What’s considered a threat in Texas? Well, we could be talking about several different things but say if a person is threatened with a gun, then, that could be the offense of aggravated assault with a deadly weapon. If a person is threatened with imminent bodily injury, that could be just a Class C-Level offense of assault, punishable by fine only.
If a person is threatened more seriously, like, “I’m going to kick your butt right now,” that could be a terroristic threat, which is kind of interesting because the term of the offense, the name of the offense, has terroristic in it. And that makes us think of modern things such as terrorist. And this is not involving a terrorist at all, but that’s a Class A misdemeanor offense of a terroristic threat. But then, it can get a little more complicated.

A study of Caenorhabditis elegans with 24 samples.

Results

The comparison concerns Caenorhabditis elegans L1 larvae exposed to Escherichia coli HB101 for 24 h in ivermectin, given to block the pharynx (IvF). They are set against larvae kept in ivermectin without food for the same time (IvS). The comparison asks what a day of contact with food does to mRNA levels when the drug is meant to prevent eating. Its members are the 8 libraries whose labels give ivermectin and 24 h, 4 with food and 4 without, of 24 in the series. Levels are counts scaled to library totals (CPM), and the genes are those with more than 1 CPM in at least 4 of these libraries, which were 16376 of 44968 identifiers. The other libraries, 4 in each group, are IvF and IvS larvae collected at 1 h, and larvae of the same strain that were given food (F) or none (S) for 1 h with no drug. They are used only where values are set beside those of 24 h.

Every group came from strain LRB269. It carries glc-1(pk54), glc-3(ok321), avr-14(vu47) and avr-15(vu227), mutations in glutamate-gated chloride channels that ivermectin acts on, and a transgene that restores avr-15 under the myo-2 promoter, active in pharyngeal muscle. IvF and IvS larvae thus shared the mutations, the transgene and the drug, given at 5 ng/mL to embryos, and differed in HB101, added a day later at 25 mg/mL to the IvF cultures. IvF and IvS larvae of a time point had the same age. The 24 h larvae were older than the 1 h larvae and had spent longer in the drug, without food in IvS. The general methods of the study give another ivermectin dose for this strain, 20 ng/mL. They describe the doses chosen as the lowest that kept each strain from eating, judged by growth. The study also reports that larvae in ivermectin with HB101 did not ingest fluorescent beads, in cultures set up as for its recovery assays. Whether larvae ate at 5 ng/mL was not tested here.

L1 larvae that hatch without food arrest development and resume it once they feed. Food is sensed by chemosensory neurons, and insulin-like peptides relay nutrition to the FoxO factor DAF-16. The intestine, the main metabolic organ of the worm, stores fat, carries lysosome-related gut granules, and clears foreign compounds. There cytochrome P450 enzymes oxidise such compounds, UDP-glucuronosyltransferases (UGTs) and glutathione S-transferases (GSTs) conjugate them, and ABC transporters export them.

For instance, I’ve had a case where a person said, “If you don’t fix the roads, I’m going to kick your butt.” And that was charged as a terroristic threat, but a court found that actually it wasn’t because it was conditional.
So, the thing is, if you’re going to threaten somebody under terroristic threat, it’s got to be right away and not conditioned on something. So, we could be talking about several different things when we’re talking about threats in Texas. But typically, we’re talking about someone being threatened with a weapon, a gun, a knife, or being threatened verbally with imminent bodily injury or a serious bodily injury or something like that.
In Texas, a threat can be a weapon, gun, knife, or verbal threat with imminent or severe bodily injury. A Class C-level assault or a Class A misdemeanor offense of terroristic threat can be used. However, a conditional threat, such as “I’m going to kick your butt right now,” can be considered a terrorist threat. In Texas, threats can be aggravated, imminent, or severe, depending on the nature of the threat.